Natural whale deaths benefit the whole ocean ecosystem. Human-caused ones, though, are another story.
A killer whale tries to drown a gray whale calf as the calf mother defends it. Image: Jodi Frediani

This past 4/20, while marijuana merrymakers gathered on the UC Santa Cruz campus to celebrate, just a few miles away on the shores of Monterey Bay, whale watchers boarded boats to see killer whales. One of them was California-based wildlife photographer Jodi Frediani, who counted more than 30 of the iconic black-and-white cetaceans. That day, she witnessed them begin what many experts consider to be an unprecedented gray-whale killing spree.


Over the course of the next two weeks, Frediani and other observers watched more than 30 killer whales (led by a pod of nine) attack eight gray whale calves, killing six. The massacre was so unusual it made the local news. Many who heard about or saw the event expressed their shock and sadness that the killer whales nabbed so many young gray whales.

To Frediani, the killings of the gray whales, which in the eastern Pacific were once an endangered species—while disturbing to watch—are examples of nature taking its course. Like all animals, killer whales need to eat, Frediani told me, and it just so happens they have a taste for other whales' blubber.

Western gulls feeding on gray whale calf carcass. Shark bites removed tough skin, allowing gulls to penetrate blubber. Image: Jodi Frediani

The natural deaths of gray whales and other large whale species, as a result of predation or old age (as opposed to human-caused deaths such as fishing gear entanglements or boat collisions), is beneficial for not just the killer whales that consume their flesh, but the entire ocean ecosystem.

"There are likely hundreds of species that use whale carcasses," said Joe Roman, a conservation biologist and researcher at the Gund Institute for Ecological Economics at the University of Vermont and a Hrdy Visiting Fellow at Harvard University.

Roman, who has studied the ways that whales affect marine ecosystems, told me that the living animals transport nutrients through oceans vertically and horizontally. Whales dive deep to feed and then rise back to the surface to take in air and excrete nutrient-rich feces. This process, called "the whale pump," helps fertilize the marine ecosystem from above.


Whales also help spread nutrients as they migrate, excreting feces containing the nutrients from krill, small fish, crustaceans and other types of tiny plankton they've consumed in high-latitude feeding areas, to low-latitude breeding areas where fewer nutrients circulate.

"Whales are not just passengers in the oceans, dependent on bottom-up forces such as phytoplankton blooms," said Roman. "They can also help drive marine ecosystems by redistributing nutrients, such as iron, phosphorous, and nitrogen, providing food for predators such as killer whales, and habitat for deep sea species."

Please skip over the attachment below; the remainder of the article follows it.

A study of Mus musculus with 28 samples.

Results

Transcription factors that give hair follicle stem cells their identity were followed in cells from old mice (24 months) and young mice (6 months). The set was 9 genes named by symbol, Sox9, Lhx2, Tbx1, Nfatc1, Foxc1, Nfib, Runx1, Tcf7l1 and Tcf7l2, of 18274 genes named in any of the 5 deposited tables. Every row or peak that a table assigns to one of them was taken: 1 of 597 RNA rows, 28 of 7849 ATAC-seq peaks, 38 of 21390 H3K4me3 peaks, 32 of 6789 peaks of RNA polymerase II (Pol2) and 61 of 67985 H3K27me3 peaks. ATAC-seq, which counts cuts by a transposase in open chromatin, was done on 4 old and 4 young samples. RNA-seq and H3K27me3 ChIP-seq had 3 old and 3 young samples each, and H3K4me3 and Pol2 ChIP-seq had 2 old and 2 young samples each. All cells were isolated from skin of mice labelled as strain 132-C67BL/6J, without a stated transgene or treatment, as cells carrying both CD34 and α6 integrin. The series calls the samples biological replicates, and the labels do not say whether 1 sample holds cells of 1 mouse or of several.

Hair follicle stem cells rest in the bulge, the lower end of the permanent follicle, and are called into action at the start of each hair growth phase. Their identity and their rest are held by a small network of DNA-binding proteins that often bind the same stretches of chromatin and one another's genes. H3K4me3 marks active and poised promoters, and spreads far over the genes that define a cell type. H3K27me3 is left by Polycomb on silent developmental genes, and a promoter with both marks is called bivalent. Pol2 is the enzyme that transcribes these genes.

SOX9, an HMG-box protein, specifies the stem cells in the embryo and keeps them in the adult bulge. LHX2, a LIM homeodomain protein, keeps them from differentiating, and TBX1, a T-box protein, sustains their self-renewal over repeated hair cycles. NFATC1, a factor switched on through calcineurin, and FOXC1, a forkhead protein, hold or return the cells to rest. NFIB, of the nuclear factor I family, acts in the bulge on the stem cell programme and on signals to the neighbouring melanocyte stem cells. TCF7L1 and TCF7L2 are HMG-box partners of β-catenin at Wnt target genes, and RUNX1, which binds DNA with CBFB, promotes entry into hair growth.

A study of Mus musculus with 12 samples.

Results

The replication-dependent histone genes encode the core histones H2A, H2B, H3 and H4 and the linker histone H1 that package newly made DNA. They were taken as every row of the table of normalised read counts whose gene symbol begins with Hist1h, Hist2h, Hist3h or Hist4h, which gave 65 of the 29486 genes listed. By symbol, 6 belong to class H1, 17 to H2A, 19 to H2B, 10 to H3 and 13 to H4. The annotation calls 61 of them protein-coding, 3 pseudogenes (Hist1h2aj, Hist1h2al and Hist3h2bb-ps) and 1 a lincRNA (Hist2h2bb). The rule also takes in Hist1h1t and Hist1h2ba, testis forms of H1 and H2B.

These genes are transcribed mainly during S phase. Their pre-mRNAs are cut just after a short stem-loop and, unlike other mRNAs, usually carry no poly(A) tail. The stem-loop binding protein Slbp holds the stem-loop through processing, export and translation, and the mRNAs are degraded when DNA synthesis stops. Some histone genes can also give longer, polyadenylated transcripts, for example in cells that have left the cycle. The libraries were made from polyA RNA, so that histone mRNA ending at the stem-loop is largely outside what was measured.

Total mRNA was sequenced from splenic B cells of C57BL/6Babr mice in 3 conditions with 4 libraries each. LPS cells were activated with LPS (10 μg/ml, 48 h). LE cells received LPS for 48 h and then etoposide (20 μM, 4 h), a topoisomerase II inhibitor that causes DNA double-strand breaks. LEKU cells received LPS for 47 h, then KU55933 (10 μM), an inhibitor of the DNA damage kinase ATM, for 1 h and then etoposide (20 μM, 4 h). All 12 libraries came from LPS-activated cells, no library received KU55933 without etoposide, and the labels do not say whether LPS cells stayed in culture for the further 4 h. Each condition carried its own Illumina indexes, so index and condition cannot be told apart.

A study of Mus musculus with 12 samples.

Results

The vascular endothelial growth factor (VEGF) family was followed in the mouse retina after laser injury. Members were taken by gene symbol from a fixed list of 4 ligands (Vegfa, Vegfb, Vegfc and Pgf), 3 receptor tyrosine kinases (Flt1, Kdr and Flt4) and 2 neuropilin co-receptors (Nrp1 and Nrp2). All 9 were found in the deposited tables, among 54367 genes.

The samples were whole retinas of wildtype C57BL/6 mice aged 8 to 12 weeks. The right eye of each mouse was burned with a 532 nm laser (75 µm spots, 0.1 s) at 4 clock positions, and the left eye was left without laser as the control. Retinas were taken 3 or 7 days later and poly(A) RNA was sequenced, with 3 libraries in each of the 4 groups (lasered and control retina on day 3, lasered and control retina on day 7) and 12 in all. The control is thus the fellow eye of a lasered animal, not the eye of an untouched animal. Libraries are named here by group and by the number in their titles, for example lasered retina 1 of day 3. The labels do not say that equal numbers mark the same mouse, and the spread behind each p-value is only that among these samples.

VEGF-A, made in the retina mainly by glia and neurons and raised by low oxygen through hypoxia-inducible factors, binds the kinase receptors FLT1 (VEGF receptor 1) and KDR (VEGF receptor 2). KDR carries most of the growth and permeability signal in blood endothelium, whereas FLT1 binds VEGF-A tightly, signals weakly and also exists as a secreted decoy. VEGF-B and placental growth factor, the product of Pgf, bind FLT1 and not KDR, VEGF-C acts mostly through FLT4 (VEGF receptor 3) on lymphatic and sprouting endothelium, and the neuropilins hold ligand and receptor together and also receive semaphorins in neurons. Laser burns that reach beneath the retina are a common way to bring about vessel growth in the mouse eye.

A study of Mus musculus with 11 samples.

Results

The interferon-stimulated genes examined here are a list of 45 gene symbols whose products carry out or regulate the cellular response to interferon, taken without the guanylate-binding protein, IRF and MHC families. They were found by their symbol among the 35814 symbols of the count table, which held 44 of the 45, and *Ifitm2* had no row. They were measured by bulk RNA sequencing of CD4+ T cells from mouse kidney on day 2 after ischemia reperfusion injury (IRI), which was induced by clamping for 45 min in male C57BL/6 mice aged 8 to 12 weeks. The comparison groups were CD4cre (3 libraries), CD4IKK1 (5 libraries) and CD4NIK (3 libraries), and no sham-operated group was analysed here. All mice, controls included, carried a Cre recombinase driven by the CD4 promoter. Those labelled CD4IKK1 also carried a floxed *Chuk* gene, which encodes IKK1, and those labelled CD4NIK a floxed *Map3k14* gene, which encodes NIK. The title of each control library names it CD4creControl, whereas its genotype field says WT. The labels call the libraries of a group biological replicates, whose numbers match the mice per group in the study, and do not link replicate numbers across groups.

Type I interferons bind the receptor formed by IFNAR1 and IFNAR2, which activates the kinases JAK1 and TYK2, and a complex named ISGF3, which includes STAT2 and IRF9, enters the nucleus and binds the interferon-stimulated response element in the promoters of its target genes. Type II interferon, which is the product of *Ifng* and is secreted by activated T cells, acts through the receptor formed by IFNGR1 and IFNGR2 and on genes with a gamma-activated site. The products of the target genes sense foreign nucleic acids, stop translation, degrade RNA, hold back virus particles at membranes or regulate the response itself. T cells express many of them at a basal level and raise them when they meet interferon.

Whales nourish the sea when they die. Sometimes they wash ashore, where seabirds and scavenger animals consume them. When a whale goes down in the middle of the ocean, it sinks to the bottom in what's called a "whale fall." Scavenger species such as seabirds and great white sharks will nibble away at the flesh when the whale is freshly deceased and floating at the ocean's surface.

Black-footed albatross and Western gull squabble over gray whale calf connective tissue. Image: Jodi Frediani

As more advanced stages of decomposition set in, the body sinks to the ocean floor, where specialist species such as the carpet worm and various types of bone-eating worms further break down the whale's body. A whale fall sequesters a large amount of carbon in the deep sea.

"That whale falls harbor unique communities, enhancing species diversity and evolutionary novelty in the deep sea," said Craig Smith, professor of oceanography at the University of Hawaii at Manoa. He told me that dead whales, which emit large amounts of sulfur as they decompose, may have created a habitat to which some marine species learned to adapt to survive in the highly sulfuric conditions of deep-sea vents and cold seeps.


Experts stress that there is a big difference between human-caused whale deaths and natural ones. Since January 2016, there has been an enormous, and to-date unexplainable, die-off of humpback whales, two times the historical average, off the Atlantic coast. The groups tasked with overseeing these incidents, the Greater Atlantic Regional Marine Mammal Stranding Network and National Oceanic and Atmospheric Administration Fisheries Service, haven't been able to determine the cause. But they suspect the 43 humpback whales they've found dead could have succumbed to disease, biotoxin poisoning, or due to human activities.

Whaling caused an enormous depletion in populations worldwide. While it's less prevalent today, we now kill large numbers by hitting them with our boats, poisoning them, performing military sonar exercises, blasting undersea air-guns, and entangling them in fishing gear. Experts say more unnatural whale deaths could change the ocean ecosystem—in fact, they probably already have.


Because humans have taken over so much of the seas, whale mortality events like the killer whale killing spree in Monterey Bay are rare instances where human activities are not to blame for the mass deaths of large whales.